Jeremiah 31:21-22: “Set up road signs; put up guideposts. Take note of the highway, the road that you take. Return, O Virgin Israel, return to your towns. How long will you wander, O unfaithful daughter? The LORD will create a new thing on earth – a woman will surround a man.”
After three hours of research, and a good deal of laughter at the number of world-renowned scholars who simply say, “I have no idea what this means,” I feel that while I may not know any more than they do about the actual meaning of the passage, I have learned a lot more about myself.
Verse 21 seems pretty obvious to me: it simply states that where you’ve been is important, and that going home will probably involve retracing your steps. For Israel, it was literal – they walked back home after the exile on the same roads they’d walked on the way into it. For us, it’s a little more figurative: how many of us have found that the very things in our lives that have been the toughest are the things God has used to help us help others?
Verse 22 gets a little more complicated. “A woman will surround a man.” This can also be translated “a woman will go about seeking a man” or “a woman will protect a man.” The commentators who dared touch it mostly agree that what the verse is getting at is a role reversal of sorts. Traditionally, men were the leaders in Israeli culture. God, in a typical upside-downing-of-expectations, made it clear that women were going to have a role they hadn’t had before. So whether you read the verse as an analogy (a woman seeking a man paralleling the idea that Israel will finally get her butt in gear and be faithful to God) or as an outright and bawdy proverb about sex, what it comes down to is that women will be given by God the authority, the right, the ability to lead – in ways that historically before He said this, they weren’t.
In theory I am totally okay with that; I even think it’s kind of cool – but I’ve found that practically, as it applies specifically to me – a woman of God, gifted and called to lead in specific arenas – I’ve been hesitant to step out. Why? Well, honestly, a lot of it boils down to self-esteem. Not seeing myself the way God does. Believing a lot of lies, both culturally and personally, about what my role is supposed to be. I grew up dreaming of the American fairy tale life: go to college (maybe), get married, have the 2.5 kids and a white picket fence, live happily ever after. It was all I wanted, and I wasted a good portion of my college career flunking out of the MRS program. 10 years later, still single, and almost 32, I am coming to terms with the fact that I have not embraced (or even had the guts to ask God) what His dreams are for my life, because I have been holding out for an illusion. I wanted, quite frankly, to be one of the supermoms on a 1950s sitcom, with the perfect family, the perfect hair, the perfect resolution to any conflict, and the perfect life.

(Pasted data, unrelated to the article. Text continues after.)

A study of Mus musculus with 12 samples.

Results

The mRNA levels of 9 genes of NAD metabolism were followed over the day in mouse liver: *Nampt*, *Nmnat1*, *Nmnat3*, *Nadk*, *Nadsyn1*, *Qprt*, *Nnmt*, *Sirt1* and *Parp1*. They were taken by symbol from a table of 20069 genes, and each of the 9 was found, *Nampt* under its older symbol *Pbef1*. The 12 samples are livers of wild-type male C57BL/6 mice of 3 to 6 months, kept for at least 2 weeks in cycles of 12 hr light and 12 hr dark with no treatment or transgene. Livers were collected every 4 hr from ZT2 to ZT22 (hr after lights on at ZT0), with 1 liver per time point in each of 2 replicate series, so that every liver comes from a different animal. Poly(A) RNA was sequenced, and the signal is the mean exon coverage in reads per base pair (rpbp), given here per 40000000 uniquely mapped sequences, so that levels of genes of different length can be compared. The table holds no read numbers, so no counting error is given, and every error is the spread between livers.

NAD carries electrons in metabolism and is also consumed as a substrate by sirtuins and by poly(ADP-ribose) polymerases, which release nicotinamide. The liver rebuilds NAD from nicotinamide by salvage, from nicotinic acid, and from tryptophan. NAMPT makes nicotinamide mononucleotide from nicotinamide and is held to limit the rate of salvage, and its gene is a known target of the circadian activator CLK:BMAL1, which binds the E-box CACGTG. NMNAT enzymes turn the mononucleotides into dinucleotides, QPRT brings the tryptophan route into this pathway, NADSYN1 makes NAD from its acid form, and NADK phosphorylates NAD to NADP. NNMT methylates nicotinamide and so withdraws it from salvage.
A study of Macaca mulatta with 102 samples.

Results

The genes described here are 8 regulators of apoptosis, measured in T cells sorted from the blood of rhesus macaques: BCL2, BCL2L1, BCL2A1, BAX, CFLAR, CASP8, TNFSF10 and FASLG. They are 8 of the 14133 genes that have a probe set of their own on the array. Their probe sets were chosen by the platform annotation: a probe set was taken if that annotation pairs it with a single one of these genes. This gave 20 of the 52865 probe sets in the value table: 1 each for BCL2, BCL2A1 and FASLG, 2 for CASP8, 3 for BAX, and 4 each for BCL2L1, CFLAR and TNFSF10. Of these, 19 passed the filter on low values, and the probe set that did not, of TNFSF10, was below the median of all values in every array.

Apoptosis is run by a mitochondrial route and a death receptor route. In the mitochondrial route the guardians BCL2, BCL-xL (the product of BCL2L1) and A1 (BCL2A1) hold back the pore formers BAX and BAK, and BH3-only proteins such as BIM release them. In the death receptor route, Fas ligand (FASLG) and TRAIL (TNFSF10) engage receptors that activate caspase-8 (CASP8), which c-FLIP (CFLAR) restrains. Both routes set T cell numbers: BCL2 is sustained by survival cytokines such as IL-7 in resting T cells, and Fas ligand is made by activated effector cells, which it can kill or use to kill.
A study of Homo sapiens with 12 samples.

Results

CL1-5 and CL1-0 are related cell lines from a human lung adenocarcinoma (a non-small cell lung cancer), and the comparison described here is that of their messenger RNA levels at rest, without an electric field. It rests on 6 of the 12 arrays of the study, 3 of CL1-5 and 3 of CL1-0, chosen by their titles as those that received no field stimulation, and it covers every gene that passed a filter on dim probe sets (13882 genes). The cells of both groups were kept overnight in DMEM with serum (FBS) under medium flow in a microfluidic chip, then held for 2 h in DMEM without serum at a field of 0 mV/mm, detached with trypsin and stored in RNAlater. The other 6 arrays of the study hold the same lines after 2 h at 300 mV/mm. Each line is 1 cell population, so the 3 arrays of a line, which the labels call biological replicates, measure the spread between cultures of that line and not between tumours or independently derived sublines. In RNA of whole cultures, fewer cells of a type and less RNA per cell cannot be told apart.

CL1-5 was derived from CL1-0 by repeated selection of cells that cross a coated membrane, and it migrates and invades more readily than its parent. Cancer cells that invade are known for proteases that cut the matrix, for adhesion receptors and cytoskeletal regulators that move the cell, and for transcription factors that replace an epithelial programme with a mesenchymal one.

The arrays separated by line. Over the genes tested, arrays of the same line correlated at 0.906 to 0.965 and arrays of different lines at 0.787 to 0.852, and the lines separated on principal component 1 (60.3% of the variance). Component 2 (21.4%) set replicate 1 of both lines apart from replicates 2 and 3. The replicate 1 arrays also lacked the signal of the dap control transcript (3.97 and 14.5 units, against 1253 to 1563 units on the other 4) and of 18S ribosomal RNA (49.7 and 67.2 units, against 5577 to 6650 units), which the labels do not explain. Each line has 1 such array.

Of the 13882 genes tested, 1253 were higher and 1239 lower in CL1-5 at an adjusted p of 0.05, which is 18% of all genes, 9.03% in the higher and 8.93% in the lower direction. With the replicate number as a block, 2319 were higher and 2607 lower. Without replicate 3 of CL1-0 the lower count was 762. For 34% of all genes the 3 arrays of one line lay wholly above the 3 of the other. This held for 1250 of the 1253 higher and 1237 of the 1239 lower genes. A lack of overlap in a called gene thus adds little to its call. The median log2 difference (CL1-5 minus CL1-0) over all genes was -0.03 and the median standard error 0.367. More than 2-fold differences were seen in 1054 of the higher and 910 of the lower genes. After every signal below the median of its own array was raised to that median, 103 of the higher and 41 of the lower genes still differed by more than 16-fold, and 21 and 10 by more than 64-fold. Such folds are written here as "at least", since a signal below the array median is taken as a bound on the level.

So when I actually took time to curl my hair yesterday and it came out all wrong and made me look like Donna Reed, I decided to go for it. I wore a skirt for the first time in almost a year, added pearls, high heels and a conservative sweater, and walked out the front door, feeling unusually fabulous for no particular reason. I went to the library and read commentaries on Jeremiah and journaled for four and a half hours – and it was great, but I walked out of it feeling very confused and disoriented. As I read and studied yesterday, it became evident to me that my dream for my life has changed; this is good, but I’m not sure when it happened, how, or why – hence the disorientation.
My friend Chris came to rescue me from the library and my potentially endless introspective tendencies, and we went for a walk and a talk that I already suspect will mark a turning point in my emergence. I was talking about the reluctance I feel in stepping out into the leadership roles God’s called me to, and reflecting on how ten years ago, all I wanted was to meet the right guy and spend the rest of my life barefoot and pregnant. I wanted to be someone’s shadow; I wanted to stay home; I wanted to raise my sons to be good leaders and my daughters to be good wives. Donna, Harriet, June, Happy. “Seen and not heard?” he asked. “Well, yes,” I said. “I didn’t think I had anything to say.” Which I didn’t really know until I said it.
He looked me in the eye and said, “Hap, you do have something to say, and this is just me, and you can tell me if you think this is a load of crap, but I think there’s a part of you that still wants to be seen and not heard, and you need to get over it.”
He’s right. I do. After years and years of wanting nothing more than to hide in the shadows, after months of wrestling with the truth that God has gifted and called me to leadership not in spite of the fact that I am a woman, but because of it, I am finally ready to admit it. Almost. So now the question is: what is it that I have to say?
Simple Felicity is, at its heart, a blog based on the unshakeable belief that happiness really isn't all that complicated. Sometimes finding it can be - but happiness itself is pretty simple, and it's often found in the simplest of things: good food, good books, and good company. So those are the things I write about, along with a few other things that really matter to me, including faith and feminism.
A bit about me: My name is Happy. I have an amazing talent for misplacing my keys, a deep appreciation for whomever looked at the coffee bean and thought, "Hey, I wonder what would happen if I roasted this?", and road trips to Michigan are pretty much my favorite.
Contact me anytime at simplefelicity7 (at) gmail (dot) com! I'd love to hear from you.